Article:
Rachel Herz


On her book That’s Disgusting: Unraveling the Mysteries of Repulsion

Cover Interview of February 20, 2012

A close-up

I would hope someone stumbling upon That’s Disgusting in a bookstore either first thumbed through the chapter on horror and perverse pleasures (Chapter 6, “Horror Show”), or the chapter on morality (Chapter 8, “Law and Order”).  I also hope that after skimming either of these chapters that reader would flip through the chapter on food, (Chapter 1, “Let’s Eat”).

Teaching my seminar course, “The Psychology of Aversion,” at Brown University, I discovered that horror movies have huge appeal.  However, I also know that interest in horror wanes with age and that not everyone is attracted to it—quite the opposite in fact, though this can also be a motivator for interest.  Therefore, readers who are intrigued by horror movies and more generally by the perversity of being attracted to things that are disgusting and “deadly” would be recommended to have a glance through this chapter.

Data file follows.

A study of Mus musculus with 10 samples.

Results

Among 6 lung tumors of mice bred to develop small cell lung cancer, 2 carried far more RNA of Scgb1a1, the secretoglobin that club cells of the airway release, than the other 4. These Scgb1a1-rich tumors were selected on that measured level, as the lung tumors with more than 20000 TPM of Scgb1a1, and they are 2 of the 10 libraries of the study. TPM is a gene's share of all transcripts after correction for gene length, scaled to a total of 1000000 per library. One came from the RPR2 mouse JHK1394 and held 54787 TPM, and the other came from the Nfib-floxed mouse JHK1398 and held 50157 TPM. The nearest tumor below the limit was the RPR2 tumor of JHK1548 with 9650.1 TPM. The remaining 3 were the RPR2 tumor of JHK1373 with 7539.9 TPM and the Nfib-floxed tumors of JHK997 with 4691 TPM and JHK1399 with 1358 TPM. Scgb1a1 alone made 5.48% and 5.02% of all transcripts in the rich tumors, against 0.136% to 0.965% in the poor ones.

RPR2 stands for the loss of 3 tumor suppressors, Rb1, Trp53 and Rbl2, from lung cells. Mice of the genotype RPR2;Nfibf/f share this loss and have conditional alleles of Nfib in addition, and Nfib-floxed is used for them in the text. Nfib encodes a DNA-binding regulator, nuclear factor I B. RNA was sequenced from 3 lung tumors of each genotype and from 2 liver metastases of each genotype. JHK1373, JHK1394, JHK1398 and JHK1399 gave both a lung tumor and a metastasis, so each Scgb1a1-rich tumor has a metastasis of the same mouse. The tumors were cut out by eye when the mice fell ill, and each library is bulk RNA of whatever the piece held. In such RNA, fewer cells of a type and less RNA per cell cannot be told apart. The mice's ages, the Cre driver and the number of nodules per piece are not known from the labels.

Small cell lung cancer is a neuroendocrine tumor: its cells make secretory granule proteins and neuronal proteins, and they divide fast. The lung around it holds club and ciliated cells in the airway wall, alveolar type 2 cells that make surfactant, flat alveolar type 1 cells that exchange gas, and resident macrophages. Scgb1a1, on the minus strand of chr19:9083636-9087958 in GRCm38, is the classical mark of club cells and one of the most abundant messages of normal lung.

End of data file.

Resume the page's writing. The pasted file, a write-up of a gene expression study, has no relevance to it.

Though I did not expect it while writing, the chapter on morality has been singled out by many who have formally reviewed the book as being of particular interest.  Moral disgust is also particularly complex and scientifically unresolved, and in fact I do not believe that we are disgusted in many instances when we say we are.  Why and what we are actually feeling is also revealed in Chapter 8.

The chapter on food touches on many of the conceptual curiosities that the rest of the book tackles in more depth—cross-cultural diversities and perversities, breaching taboos, and how mere thought can turn something from delightful to disgusting.  This chapter also contains a fair share of pop-culture oddities.